Moving feisty bulls – green exercise

Strangely enough, standing near bulls of this size and with this attitude was not my idea of fun.

Strangely enough, standing near bulls of this size and with this attitude is not my idea of fun.

My fitness programme – moving cattle every other day – is apparently ‘green exercise’, not because grass is involved but because it serves a purpose. However, like other fitness programmes, I soon didn’t want to do this one either.

After turning off the power, I’d pin down the electric fence in the technosystem and step aside so the cattle – six mobs of 17 – could step into fresh pasture. Being a few feet from the leaders posed no problem – until they grew and grew and grew.

Bulls put on about a kilogram a day, therefore I was moving an extra 700 kilograms or so of bull each week – an extra three tonne a month. Plus bulls get stroppy in summer and kick up their heels.

One day I turned around to find a bull was right behind me. The next day, a bull ran at me.

Hoping the farmer might move it (perhaps to the far end of the farm), I pointed him out. “Him?” scoffed Rex. “He looks like someone’s pet.”

The next day, another bull took a prancing charge at me. I yelled. It stopped. It pranced. I yelled. It stopped. It pranced. I yelled – the same expletive each time followed by the word “off”.

Then I heard the farmer call, “I’m here. I’ll save you.” He was running towards me, his arms outstretched. Sometimes he’s so silly.

“I’m not moving the bulls any more,” I declared. “I’ll build fences instead.”

After I've pinned down the fence, the bulls - which are keen to get onto fresh grass - step over the wire - while I rapidly step aside

After I’ve pinned down the fence, the bulls – which are keen to get onto fresh grass – step over the wire – while I rapidly step aside

Carrying about 30 electric fence standards and a reel designed by a man for use by men is the reason I was moving the cattle in the first place – it requires no muscle power.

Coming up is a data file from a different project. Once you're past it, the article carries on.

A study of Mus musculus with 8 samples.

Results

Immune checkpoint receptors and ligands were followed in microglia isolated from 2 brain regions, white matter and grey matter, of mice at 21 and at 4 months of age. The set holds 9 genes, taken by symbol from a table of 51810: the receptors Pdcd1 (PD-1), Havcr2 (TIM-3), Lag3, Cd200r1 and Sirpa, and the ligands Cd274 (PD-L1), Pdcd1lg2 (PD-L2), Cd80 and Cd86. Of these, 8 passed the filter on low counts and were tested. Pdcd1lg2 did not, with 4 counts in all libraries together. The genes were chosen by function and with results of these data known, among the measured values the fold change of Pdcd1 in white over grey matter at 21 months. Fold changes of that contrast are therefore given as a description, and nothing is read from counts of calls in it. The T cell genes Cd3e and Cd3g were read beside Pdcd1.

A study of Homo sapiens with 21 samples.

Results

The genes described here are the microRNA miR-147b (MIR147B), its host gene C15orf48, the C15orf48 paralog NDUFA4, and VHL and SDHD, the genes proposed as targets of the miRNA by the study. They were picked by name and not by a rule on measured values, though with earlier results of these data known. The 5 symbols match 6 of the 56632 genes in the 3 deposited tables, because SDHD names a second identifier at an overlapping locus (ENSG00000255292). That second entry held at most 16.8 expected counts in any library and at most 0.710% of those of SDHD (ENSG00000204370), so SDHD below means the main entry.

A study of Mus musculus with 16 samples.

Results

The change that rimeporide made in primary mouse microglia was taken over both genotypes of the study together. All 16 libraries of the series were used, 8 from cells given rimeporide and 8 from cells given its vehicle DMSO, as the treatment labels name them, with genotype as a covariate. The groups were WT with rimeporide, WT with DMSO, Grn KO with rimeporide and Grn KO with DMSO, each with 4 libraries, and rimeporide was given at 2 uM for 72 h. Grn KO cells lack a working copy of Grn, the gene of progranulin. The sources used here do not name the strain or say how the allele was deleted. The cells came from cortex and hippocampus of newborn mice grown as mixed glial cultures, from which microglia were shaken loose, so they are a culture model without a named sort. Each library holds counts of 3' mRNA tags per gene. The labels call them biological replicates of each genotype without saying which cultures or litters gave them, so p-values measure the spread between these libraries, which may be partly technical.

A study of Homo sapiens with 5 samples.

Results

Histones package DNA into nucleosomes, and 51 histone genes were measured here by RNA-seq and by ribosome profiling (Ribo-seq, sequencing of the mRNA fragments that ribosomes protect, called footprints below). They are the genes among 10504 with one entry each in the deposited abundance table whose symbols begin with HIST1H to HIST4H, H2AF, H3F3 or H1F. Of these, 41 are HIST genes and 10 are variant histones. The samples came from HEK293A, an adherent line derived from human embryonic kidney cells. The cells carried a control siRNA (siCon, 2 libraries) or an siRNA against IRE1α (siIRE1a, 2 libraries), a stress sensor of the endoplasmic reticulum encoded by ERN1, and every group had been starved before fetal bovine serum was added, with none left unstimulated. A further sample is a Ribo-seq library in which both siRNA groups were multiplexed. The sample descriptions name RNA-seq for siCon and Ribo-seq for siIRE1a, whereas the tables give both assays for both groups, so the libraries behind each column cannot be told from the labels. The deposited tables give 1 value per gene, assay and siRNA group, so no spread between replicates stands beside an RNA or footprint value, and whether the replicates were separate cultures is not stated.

Every day the farmer tried to coax me to return to cattle moving. Each day I’d say no before loading up and stumbling away to fumble through building the next fence.

“You need to get over your fear of bulls,” he said until finally he conceded: “You’re really not going to move the bulls, are you.”

“No,” I replied – not until May when the big boys will be replaced by weaners which will be more my size – until they grow.

 

About the author

Rae Roadley

Rae is a journalist, freelance writer and writing tutor. Soon after returning to her hometown to work for Northland's daily newspaper, she met beef and sheep farmer Rex Roadley. He lived in a historic home at Batley on the Kaipara Harbour and after moving there, Rae reported on farming then wrote a newspaper column, The Country Side. Her wryly amusing tales of country life earned many followers and led her to learn more about the local people, past and present. She tells the story of her new life in 'Love at the End of the Road: Finding my heart in the country'.

2 comments

  1. Kiwiskan

    Reminds me of a time when a Jersey bull (admittedly only about 18 months old) was tearing uphill towards me, taking out fences on the way. ‘Cut him off!’ Rod yelled from the road. I figured attack had to be the best method of defense and ran straight at the bull. Thank heaven it worked!

    1. Rae Roadley

      Exactly! And if it doesn’t, stepping sideways at last possible moment worked for me on the one occasion it really needed to. Big relief! Don’t want to have to try it again.